Audi Aims to Replicate Specific Human Driving Habits onto Driverless Cars

One of the main concerns regarding the anticipated deployment of autonomous cars and having them share the road with human-driven vehicles is the fact that self-driving vehicles will be programmed to obey traffic laws to the letter, unlike human drivers, which is very likely to lead to frequent collisions.

This potential (and pretty ironic) safety risk arising from the ability of autonomous cars to behave by the book at all times is one of the reasons why German carmaker Audi has decided to try to make its driverless vehicles more similar to human drivers in terms of how they interact with other vehicles, and how they handle specific traffic scenarios. In a press release, Audi announced it has developed a self-driving car concept that is able to interact with other road users in a manner that is similar to the way human drivers interact with each other.

 

A Car with Social Competence

As part of its driverless technology development efforts, Audi has created an autonomous driving research car, that has been tested on German expressways. The concept car is an Audi A7 equipped with self-driving technology, internally named “Jack”, and it has undergone real-world tests on the A9 Autobahn. The car maker says that the vehicle has learned how to adapt to different traffic situations, showing consideration for the drivers it was sharing the road with, as well as other road users.

“The cooperative attitude of “Jack” is especially apparent when other vehicles want to merge into the lane, such as on an expressway. Here the test car decides – based on the selected driving profile – whether to accelerate or brake, depending on which is best suited to handling the traffic situation harmoniously for all road users. Another new feature: Upon request, the navigation system can compute a route with the largest proportion of piloted driving sections,” says Audi in a statement.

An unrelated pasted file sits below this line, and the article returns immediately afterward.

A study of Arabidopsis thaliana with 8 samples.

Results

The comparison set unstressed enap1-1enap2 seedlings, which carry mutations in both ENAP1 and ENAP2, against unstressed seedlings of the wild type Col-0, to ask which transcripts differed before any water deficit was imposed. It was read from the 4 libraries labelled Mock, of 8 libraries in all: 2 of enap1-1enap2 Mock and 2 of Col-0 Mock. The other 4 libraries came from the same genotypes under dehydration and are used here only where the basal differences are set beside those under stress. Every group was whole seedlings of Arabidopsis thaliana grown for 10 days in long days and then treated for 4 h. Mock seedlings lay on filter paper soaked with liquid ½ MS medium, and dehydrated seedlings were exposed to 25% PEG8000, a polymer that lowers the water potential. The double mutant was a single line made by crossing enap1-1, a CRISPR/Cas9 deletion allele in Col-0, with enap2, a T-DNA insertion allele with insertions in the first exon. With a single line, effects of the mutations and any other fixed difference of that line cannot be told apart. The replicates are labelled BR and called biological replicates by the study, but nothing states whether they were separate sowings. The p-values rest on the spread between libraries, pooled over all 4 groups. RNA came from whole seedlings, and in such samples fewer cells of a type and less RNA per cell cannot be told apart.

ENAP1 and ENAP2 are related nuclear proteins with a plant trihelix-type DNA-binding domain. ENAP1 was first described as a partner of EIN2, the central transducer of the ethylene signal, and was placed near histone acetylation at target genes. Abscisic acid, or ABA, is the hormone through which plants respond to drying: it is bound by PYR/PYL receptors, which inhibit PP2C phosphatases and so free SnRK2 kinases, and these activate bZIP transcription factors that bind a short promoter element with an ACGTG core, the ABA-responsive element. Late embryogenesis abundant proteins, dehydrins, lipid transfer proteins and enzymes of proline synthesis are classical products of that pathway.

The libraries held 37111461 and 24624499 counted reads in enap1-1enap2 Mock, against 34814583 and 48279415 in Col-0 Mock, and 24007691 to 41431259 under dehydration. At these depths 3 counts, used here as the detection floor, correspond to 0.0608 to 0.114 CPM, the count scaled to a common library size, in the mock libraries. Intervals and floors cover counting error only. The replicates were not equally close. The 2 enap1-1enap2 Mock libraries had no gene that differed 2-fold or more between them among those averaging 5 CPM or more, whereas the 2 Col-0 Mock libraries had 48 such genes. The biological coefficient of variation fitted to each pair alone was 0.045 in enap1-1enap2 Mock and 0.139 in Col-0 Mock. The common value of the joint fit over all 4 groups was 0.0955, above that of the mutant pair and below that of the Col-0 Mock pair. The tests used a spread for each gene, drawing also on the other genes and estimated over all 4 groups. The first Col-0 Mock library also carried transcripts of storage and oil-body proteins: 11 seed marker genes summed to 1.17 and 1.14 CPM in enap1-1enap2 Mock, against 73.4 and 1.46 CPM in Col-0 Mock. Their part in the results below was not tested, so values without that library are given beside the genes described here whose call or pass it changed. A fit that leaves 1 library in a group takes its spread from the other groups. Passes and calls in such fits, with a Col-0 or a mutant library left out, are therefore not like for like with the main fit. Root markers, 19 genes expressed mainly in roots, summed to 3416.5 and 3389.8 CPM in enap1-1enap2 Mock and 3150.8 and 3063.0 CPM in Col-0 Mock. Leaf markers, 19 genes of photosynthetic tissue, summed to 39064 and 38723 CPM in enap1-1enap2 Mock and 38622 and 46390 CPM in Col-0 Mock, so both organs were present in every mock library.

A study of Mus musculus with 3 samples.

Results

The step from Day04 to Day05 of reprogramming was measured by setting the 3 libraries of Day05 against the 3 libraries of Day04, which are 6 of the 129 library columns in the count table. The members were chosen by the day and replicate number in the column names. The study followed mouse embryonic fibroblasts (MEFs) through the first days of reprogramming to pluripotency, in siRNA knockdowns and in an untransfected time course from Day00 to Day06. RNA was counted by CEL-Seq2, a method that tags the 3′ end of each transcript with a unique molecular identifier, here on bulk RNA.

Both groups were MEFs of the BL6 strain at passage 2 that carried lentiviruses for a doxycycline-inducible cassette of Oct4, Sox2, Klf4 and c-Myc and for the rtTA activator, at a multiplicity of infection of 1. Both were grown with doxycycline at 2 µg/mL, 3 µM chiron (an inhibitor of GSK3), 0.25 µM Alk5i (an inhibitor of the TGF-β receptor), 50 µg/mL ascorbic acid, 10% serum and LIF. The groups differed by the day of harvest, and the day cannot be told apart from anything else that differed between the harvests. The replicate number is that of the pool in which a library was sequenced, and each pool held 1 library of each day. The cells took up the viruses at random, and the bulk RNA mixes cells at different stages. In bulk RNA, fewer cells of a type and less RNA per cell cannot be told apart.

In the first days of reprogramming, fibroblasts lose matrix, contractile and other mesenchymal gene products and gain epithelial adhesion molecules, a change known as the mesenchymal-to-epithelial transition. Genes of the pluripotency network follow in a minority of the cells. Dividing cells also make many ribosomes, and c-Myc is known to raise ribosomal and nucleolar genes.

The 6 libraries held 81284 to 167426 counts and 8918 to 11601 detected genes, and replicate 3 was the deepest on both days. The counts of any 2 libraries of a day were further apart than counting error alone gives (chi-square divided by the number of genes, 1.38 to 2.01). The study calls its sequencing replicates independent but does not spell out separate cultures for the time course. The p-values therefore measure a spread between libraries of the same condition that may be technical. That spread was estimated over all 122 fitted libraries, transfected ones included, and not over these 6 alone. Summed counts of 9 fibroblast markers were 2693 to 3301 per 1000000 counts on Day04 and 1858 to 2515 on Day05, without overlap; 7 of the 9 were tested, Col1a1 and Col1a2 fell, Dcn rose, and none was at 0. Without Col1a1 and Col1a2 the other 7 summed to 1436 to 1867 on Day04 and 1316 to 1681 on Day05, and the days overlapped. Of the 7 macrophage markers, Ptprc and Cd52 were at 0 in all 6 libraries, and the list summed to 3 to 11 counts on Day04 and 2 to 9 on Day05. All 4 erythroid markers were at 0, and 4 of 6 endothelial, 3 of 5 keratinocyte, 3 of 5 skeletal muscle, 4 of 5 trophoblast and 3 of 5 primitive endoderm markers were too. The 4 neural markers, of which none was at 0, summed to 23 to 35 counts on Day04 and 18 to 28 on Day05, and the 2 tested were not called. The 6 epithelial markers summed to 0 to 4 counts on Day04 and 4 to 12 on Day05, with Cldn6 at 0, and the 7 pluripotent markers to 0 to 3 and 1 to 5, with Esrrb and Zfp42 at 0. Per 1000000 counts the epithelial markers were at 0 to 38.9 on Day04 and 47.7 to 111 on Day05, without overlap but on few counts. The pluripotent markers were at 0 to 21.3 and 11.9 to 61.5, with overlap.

audi piloted drive

 

Detecting Other Road Users’ Intentions and Signaling Its Own

Using a central driver assistance controller, or zFAS, as Audi calls it, which is a system that involves a super powerful processor and various sensors, the self-driving A7 has demonstrated that it can anticipate what maneuver surrounding vehicles are about to perform and adjust its speed and movements accordingly, to avoid a collision and ensure a better traffic flow.

Also, the car’s self-driving system is intuitive and considerate enough to let other cars know when it’s about to change lanes or merge into traffic well in advance, by activating turn signals and moving closer to lane markings before it changes lanes.

On top of that, the A7 moves closer to one side of its lane when it’s being overtaken by a bus or a truck on the other side, in order to leave more room for the other vehicle.

This type of behavior can help increase public confidence in autonomous cars, which is currently at pretty low levels. Various surveys show that most drivers are still not convinced that self-driving vehicles are safer than conventional vehicles, and that they lack certain habits typical of human drivers, that a computer can not replicate.

With the A7 concept, Audi wants to address this issue, and eliminate a large obstacle standing in the way of a commercial deployment of fully-autonomous cars.